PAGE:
Have you ever wondered where the BMI guidelines come from? Could they be completely arbitrary just like
all the most of the other health advice we’ve been dished out? A new study published in JAMA provides some clues:
A new US study suggests that while the link between weight and causes of death varies considerably, being modestly overweight may actually lower death risk in a number of circumstances by providing the body with essential nutritional reserves during recovery from illness and major operations.
What is interesting here is not only that it shows a BMI of 18-25 may not be a healthy objective, but it calls into question what “overweight” really means. Isn’t the weight that confers the longest longevity the “ideal weight” and that weights under and over that ideal are in fact “underweight” and “overweight”?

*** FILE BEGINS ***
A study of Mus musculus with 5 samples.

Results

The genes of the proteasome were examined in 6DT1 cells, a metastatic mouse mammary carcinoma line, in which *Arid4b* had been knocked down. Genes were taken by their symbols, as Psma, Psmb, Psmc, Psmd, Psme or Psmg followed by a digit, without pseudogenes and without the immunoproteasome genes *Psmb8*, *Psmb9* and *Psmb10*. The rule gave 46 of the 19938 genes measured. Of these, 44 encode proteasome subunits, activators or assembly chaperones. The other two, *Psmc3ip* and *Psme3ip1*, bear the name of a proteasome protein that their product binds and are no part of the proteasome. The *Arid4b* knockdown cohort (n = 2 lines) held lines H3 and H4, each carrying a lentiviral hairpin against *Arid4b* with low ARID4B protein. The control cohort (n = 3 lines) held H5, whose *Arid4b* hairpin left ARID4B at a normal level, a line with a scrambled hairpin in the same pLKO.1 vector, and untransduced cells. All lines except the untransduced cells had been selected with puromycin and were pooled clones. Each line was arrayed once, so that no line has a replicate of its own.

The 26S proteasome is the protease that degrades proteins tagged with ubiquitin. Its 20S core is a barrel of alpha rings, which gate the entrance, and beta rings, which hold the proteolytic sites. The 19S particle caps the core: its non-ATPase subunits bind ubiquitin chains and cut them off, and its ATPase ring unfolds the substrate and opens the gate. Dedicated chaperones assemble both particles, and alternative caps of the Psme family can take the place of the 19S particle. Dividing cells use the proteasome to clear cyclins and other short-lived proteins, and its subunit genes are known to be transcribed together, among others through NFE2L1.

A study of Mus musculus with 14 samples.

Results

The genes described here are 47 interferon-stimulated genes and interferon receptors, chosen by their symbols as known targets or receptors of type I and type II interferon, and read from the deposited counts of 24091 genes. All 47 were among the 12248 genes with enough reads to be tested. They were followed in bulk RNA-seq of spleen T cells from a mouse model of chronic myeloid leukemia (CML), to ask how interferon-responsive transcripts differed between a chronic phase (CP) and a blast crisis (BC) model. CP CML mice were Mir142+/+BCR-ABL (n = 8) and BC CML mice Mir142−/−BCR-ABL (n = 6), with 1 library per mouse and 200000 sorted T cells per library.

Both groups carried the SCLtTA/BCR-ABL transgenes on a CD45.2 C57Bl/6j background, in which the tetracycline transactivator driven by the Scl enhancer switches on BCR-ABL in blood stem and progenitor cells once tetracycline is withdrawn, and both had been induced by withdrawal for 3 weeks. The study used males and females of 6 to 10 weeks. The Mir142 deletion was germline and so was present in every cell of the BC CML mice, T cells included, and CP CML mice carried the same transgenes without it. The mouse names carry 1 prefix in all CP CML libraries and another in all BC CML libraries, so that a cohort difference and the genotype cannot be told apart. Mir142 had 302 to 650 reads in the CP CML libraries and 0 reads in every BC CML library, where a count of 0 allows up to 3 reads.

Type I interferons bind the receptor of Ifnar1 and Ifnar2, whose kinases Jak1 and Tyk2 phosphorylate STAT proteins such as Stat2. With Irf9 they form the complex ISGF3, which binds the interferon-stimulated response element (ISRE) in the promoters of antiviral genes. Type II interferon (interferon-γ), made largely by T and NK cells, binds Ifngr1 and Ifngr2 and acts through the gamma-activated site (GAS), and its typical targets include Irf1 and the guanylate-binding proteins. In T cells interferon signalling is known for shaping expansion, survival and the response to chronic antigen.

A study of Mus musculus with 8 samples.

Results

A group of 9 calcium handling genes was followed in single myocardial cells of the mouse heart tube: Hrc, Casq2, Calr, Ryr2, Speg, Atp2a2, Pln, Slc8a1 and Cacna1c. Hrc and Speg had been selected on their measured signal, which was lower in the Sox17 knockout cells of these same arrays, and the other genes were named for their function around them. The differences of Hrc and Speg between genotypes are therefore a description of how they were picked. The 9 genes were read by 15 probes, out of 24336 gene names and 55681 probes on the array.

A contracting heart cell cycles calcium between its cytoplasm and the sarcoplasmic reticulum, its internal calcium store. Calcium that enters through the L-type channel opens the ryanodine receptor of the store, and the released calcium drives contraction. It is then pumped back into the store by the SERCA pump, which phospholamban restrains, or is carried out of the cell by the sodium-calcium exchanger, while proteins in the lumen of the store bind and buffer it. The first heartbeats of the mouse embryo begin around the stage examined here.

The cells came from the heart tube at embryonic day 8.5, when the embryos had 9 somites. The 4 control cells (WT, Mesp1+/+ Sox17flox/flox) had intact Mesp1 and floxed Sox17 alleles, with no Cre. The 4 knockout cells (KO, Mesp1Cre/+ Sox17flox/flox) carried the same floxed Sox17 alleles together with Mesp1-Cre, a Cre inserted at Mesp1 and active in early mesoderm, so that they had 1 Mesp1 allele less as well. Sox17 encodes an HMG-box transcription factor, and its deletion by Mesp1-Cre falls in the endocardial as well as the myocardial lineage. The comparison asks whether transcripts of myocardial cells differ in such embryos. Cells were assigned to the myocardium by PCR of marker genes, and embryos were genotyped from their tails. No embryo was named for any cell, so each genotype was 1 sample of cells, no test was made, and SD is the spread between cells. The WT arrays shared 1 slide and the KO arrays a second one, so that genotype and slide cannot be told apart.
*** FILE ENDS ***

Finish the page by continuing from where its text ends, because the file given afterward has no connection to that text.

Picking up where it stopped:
Or have we confused sexy with ideal?
Although it is assumed that we are naturally attracted to whatever/whoever is healthiest, this is not necessarily the case. Creatures often find characteristics sexy which confer little health benefit. A peacock’s tail is no doubt a hit with the peahens but it is also a bit of a drag if he needs to make a run for it.
It doesn’t take much imagination to see that humans have preferred for a number of traits which, through the generations, have made us into very odd looking apes – naked, big breasts, long head hair… None of which seem to do much in the fitness department other than to signal sexual fitness. So have these preferences hijacked scientific thinking about what is ideal for health?